Katjana Ballantyne, Somerville's mayor-elect, is the second woman ever elected to lead the city.
She joined WBUR's Radio Boston to talk about her life experiences as an immigrant, a businesswoman and a politician. Before her successful bid for mayor of Somerville, Ballantyne served multiple terms as a city councilor, including as the council's president.
Born and orphaned in Greece, Ballantyne explained that she was adopted by her father, a Scottish man, and her mother, a Czech and German woman. The family came to the U.S. when she was 4 years old.
"That's when I learned that sometimes people are afraid of differences," she said. "It can sometimes be your accent. It could be your culture. It could be just your foods. And so I learned then to make sure that everyone was included."
As the first and sole member of her family to attend college, Ballantyne said she worked two jobs and took out loans to secure her bachelor's degree and later her MBA. After working for more than a decade in international supply chain management, she said she paid off her student loans and turned her focus toward the nonprofit world, motivated to do "mission-driven" work.
"I was doing all this volunteer work in Somerville," she said. "I sat on the board of an affordable housing developer — as a board member and as a former board president. I was tutoring in the schools. I was a "big sister" or mentor, and I just wanted to do mission-driven work."
Her experience working for Jamaica Plain Neighborhood Development Corporation was a formative one, she said, offering a "development side" view of how cities build affordable housing and ensure people can remain in such homes.
WBUR's Tiziana Dearing discussed a wide-range of topics, including housing, with Ballantyne.
Below are highlights from their conversation, lightly edited for clarity.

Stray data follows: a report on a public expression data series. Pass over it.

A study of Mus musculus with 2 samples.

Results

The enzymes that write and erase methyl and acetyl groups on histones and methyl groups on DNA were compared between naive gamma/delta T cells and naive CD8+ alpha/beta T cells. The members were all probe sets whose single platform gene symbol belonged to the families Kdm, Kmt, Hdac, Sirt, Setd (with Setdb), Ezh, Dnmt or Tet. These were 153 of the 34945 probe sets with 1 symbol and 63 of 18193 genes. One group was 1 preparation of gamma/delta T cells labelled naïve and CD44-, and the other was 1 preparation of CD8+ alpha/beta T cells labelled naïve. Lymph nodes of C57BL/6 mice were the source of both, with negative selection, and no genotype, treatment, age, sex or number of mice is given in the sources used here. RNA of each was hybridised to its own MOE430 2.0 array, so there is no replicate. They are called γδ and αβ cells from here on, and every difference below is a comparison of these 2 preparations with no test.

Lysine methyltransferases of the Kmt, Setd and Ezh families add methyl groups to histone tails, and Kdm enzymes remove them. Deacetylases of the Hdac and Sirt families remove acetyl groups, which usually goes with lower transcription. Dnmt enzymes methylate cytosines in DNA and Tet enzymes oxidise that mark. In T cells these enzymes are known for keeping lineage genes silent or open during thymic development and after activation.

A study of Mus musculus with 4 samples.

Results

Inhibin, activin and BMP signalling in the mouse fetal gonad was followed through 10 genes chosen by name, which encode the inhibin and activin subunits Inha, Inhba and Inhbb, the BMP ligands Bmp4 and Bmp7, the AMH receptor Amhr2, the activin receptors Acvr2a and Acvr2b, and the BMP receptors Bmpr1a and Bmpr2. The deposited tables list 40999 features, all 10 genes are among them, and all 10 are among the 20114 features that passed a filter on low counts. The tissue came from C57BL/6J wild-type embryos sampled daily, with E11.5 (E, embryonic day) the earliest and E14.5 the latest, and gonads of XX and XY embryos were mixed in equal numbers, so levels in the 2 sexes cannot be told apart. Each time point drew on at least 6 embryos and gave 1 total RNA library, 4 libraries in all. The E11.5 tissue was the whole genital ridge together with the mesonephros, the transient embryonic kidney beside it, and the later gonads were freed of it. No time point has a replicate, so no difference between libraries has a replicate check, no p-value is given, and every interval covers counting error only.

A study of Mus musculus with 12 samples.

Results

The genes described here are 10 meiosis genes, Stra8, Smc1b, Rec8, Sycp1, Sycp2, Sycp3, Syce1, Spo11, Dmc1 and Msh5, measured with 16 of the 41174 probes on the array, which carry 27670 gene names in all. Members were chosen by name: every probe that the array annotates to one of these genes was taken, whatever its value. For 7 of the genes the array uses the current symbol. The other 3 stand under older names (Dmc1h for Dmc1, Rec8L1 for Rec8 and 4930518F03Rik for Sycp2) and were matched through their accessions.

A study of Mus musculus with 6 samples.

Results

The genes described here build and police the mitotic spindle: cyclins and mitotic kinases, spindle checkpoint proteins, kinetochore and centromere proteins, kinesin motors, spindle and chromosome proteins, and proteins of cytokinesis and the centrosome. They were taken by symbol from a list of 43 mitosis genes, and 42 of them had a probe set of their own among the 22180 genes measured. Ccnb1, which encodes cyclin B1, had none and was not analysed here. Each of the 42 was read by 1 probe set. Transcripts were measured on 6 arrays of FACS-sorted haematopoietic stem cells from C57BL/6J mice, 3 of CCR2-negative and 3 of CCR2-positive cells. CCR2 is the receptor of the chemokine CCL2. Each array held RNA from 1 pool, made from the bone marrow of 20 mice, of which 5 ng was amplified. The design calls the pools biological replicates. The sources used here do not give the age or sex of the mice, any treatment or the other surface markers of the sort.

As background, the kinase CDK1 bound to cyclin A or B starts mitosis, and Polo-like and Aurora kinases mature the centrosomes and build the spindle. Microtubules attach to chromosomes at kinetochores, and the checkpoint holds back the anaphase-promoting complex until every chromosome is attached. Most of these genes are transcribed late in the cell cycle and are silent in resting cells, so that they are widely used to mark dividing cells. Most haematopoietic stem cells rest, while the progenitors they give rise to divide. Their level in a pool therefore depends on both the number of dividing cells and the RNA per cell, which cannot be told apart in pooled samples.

On affordable housing in Somerville, a dense and diverse city of immigrants, and the idea of lifting the state's moratorium on rent control:
I think that we need to use every tool possible in Somerville to create more affordable housing that's using financing tools, that's using zoning tools, that's using incentives to developers to build more affordable housing.
But you know, at the at the end of the day, when it comes to rent control, the state law doesn't allow us that option. So we need to work with our state delegation to try to do something for that. If the state makes that change, then we have to make sure that renters, owners who care about keeping diversity in our community and preventing displacement are at the table to figure out what's the best way to move forward.
On COVID recovery, small businesses and what local workers need:
On COVID recovery, we need to help small businesses. We need to help families to recover from this, and we need to help making sure that our education system, our schools, are able to to move forward. And I think they're all interlocked.
I was supportive of the small business relief program that Somerville put together. I was supportive of funding $5 million to create a gap between what the federal government was doing with relief and what we could do. Moving forward, I would say it's deferring and forgiving the cost of municipal utilities or licensing or permitting taxes.
It's extending and enhancing the relief funds to include flexible and forgivable financing options and additional funds. It's giving help to small businesses to apply for SBA loans.
We need to use our ability to market our community and remind people who are here to shop locally so that can stimulate the economy. And then, you know, it's constantly talking with our small businesses. It's asking them, what are they seeing? Are they seeing some recovery? What kind of technical assistance do they feel they need? And what kinds of support? We're all in this together, and we should be working together to find the solution.
Somerville Mayor Joseph Curtatone, her predecessor, has held power in the city for 17 years. On how Ballantyne wants the voters and residents of Somerville to judge her work and tenure:
Every mayor who serves brings something unique to the job: their style, their perspective, set of priorities, or simply, the challenges that can be unique for the time. And I think what stands out most about me is my leadership style, promoting engagement of people from all across the city. I am one who listens.
I am one who uses community input data best practices to act and be bold. ... [Residents] will know that I will be working with them, [and] that I will be listening. I am the mom of two daughters, my youngest still in the Somerville Public Schools. I will be hearing from everybody and moving ourselves forward.
This article was originally published on November 04, 2021.
This segment aired on November 4, 2021.